Fantasia International Film Festival kicks off three weeks of weirdness with a four-film opening night


Running from July 13-August 2, the Fantasia International Film Festival provides Montreal moviegoers a solid three weeks of sci-fi, horror and action madness. There are weird Turkish ‘80s movies and critically acclaimed genre films winging their way through the festival circuit and something called Vampire Cleanup Department. More importantly: a man with a braid mullet. As in, a mullet so long that it has been braided.

That particular bit of follicular mayhem was on display in the excellently titled Joio’s Bizarre Adventure: Diamond Is Unbreakable - Chapter 1, one of four films that screened on Fantasia’s opening night. Two of the others, Super Dark Times and Tilt, I wrote about when they screened at the Tribeca Film Festival earlier this year. Both are horror films lacking big budgets and big stars; both are intelligent, tense, well-acted and more than worth your time.

Joio’s Bizarre Adventure is not horror. Jojo’s Bizarre Adventure is just… well, bizarre. Directed by auteur of weird Takashi Miike, Jojo is an adaptation of a popular Japanese manga and anime about… you know? I sat through this whole movie and I’m still not really sure. There’s a teenage boy with superpowers who will wail on you if you insult his spaceship-shaped hair (“If my sweet-ass ‘do gets dissed, I get mighty pissed.”). There’s the aforementioned Mullet Braid Man. No one in this movie has remotely normal hair. It’s one of its charms.

Another one of its charms: nothing in this movie makes any damn sense. Which wouldn’t normally be a positive, but Miike somehow pulls it off. Characters disappear for long stretches of time without explanation, leaving me to wonder whether I fell asleep and missed a death scene without noticing. An army of tiny tanks just… shows up at one point. There’s a very dramatic scene that involves a character waving around a rubber glove, and another one where someone is punched into a rock. As in… he is punched so hard that he becomes a rock. The music is over the top. Ditto the acting. Ditto the everything. Miike liberally introduces elements from the comics—presumably they’re from the comics, anyway, given the vocal audience reaction they garnered—and then just… leaves them there, not deigning to explain anything. The whole thing feels very true to its manga roots, with a new story starting every 15 minutes. That can make proceedings a bit tedious—when you’re in-bewteen Jojo’s bouts of “wait, what the…?” insanity, there’s not really an engaging story or engaging characters to hold your attention. The pacing’s all whacked out. Luckily, there’s enough craziness to keep things moving.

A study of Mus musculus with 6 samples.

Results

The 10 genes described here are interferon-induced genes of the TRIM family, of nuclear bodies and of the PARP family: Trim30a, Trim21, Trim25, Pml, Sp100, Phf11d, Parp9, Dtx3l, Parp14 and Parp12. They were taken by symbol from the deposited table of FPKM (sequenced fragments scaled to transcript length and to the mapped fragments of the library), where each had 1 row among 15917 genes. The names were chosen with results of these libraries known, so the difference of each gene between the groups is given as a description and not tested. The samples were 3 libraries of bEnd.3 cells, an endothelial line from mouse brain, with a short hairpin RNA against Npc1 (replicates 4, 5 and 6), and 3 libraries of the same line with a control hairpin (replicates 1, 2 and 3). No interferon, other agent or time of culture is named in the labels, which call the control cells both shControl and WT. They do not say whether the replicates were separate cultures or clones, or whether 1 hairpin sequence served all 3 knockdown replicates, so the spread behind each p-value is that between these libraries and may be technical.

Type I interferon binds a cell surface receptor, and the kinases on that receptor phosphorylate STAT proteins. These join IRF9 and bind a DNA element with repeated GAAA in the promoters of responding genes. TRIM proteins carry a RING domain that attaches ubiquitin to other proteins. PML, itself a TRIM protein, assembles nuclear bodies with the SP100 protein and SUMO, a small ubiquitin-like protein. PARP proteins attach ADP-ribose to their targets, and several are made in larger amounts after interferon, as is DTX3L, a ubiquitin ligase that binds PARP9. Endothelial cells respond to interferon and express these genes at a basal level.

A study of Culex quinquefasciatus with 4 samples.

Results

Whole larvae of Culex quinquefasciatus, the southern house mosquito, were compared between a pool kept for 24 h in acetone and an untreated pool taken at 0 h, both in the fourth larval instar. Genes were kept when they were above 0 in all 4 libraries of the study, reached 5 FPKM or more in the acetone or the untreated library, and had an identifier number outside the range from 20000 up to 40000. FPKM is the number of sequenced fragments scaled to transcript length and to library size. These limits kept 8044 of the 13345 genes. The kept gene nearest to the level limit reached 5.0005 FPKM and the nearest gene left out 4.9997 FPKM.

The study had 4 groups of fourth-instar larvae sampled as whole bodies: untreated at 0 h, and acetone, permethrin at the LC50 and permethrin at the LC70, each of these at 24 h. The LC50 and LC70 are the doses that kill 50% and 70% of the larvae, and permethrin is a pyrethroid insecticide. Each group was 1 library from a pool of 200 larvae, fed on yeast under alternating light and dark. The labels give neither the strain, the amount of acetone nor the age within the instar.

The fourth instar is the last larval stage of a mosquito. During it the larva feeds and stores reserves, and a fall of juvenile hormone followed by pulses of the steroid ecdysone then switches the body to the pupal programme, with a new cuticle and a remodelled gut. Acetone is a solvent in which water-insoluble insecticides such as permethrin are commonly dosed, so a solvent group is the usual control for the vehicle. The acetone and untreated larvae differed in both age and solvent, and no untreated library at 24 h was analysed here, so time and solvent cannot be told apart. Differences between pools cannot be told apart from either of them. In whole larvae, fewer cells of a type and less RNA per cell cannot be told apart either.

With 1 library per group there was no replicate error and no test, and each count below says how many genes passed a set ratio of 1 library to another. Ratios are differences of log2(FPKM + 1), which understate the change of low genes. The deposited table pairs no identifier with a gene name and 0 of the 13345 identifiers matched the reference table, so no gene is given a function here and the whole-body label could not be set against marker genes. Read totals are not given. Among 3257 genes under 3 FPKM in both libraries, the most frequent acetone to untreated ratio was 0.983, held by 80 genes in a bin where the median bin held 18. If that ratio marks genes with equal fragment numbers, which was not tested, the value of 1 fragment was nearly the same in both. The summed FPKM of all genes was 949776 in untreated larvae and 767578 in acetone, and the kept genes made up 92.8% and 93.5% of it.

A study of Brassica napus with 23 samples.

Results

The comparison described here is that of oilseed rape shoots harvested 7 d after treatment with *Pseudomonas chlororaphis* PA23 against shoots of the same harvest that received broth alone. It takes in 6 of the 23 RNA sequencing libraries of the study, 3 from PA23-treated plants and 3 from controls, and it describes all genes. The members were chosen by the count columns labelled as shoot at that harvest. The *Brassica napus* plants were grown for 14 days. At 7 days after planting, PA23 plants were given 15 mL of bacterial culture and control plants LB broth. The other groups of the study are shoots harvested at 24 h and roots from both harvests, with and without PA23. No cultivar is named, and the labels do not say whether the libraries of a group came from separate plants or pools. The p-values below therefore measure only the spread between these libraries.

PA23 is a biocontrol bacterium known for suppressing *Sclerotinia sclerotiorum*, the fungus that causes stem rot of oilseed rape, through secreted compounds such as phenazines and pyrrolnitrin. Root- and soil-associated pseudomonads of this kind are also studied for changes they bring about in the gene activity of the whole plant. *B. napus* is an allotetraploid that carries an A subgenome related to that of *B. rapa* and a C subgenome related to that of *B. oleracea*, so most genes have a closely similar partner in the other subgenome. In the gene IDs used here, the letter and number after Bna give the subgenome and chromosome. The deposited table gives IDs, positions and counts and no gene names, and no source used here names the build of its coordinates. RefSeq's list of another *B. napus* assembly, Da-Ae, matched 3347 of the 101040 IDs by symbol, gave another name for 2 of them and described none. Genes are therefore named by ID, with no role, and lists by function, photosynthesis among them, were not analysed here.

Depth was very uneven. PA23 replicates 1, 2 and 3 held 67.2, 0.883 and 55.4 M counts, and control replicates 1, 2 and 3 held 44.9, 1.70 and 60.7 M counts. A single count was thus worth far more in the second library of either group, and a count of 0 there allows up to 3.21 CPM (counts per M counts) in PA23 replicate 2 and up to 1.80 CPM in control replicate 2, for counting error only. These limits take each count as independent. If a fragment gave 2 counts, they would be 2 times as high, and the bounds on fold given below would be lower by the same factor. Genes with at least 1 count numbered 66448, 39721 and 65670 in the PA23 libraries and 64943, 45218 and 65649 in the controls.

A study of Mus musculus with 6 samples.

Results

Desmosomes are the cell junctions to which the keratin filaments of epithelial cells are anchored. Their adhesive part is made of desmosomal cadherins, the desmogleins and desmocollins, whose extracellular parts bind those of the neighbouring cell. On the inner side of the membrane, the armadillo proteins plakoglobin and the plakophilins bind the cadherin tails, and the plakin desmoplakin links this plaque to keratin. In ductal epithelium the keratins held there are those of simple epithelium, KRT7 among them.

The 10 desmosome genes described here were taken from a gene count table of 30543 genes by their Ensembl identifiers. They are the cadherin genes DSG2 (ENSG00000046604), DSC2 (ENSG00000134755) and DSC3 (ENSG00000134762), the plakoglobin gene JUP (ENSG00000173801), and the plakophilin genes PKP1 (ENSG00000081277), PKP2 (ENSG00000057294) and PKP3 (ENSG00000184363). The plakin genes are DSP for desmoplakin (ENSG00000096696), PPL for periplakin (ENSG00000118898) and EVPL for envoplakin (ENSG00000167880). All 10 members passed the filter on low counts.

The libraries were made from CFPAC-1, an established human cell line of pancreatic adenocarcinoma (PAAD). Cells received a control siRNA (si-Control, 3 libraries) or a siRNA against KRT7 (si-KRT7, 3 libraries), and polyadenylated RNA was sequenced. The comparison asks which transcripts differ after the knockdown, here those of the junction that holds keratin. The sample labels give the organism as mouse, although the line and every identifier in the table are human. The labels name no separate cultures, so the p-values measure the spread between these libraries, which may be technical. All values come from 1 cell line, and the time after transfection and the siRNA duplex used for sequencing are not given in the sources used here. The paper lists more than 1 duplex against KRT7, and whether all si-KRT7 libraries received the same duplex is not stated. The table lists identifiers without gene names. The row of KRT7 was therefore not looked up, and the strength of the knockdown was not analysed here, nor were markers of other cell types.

And boy-oh-boy, did the audience respond to it. Fantasia attracts famously, er, enthusiastic crowds, and you could tell there were a lot of Jojo fans in attendance from the things my audience erupted at. New character is introduced, seen blurilly in the background? Audience freaks out! Main character’s mother mentions a particular Italian restaurant? Audience freaks out! I still had no clue what the hell what was going on, but it made the experience very enjoyable. Jojo is a very earnest film. Miike just wants to throw all this random stuff—family melodrama and slapstick comedy and outrageous wigs—onto the screen because he likes it and the Jojo fans like it, with no consideration to whether it all comes together in a way that can be traditionally identified as a “movie.” Honestly, it’s endearing. This is one to see with a crowd and some alcohol in your system, if at all possible.

Fantasia’s official Opening Night film also rocks a heavy experimental vibe, through the “experimental” applies to its style of filming and not its determined indifference to being coherent. The Villainess is the third feature from Korean director Jung Byung-gil, who started off as a stuntman before earning widespread critical acclaim for his 2012 narrative feature debut Confession of Murder. Director Jung keeps his action chops in fine form with his latest film, about an assassin (Kim Ok-bin) pressed into 10 years of service by the South Korean government in exchange for her freedom. An undercover operation develops a few new wrinkles when a figure from Sook-hee’s past resurfaces.

All pretty standard stuff, plotwise, though the first third or so of The Villainess unfolds in a non-linear fashion that requires a bit of extra attention to keep track of what’s going on. What sets The Villainess apart from any movie I’ve ever seen is its singular cinematographic style. The movie’s first scene, where Sook-hee charges down a corridor laying waste to dozens of henchmen, unfolds like a first-person shooter videogame. An uncommon tactic for a movie to use, but not an unheard-of one: 2015’s Hardcore Henry was shot entirely in from its main character’s perspective. It was beaten to the punch by several decades by the 1947 noir Lady in the Lake.

But then, in the middle of Sook-hee’s bloodbath, she moves from a corridor to a gym. She smashes into a mirror; it’s the first time we see her face. And it marks a shift in the film from first-person to third-person. From there, the camera is a hyperkinetic whirligig, spinning through its many action scenes in almost constant motion. Most impressive are the many seamless transitions from first to third person. Slick and bold, The Villainess should please action fans looking for fight scenes that aren’t just boring “put the camera in close-up and use a lot of cuts” nonsense. Luckily for those fans, The Villainess has already secured a theatrical release, slated to kick off courtesy of Well Go USA on August 25 of this year.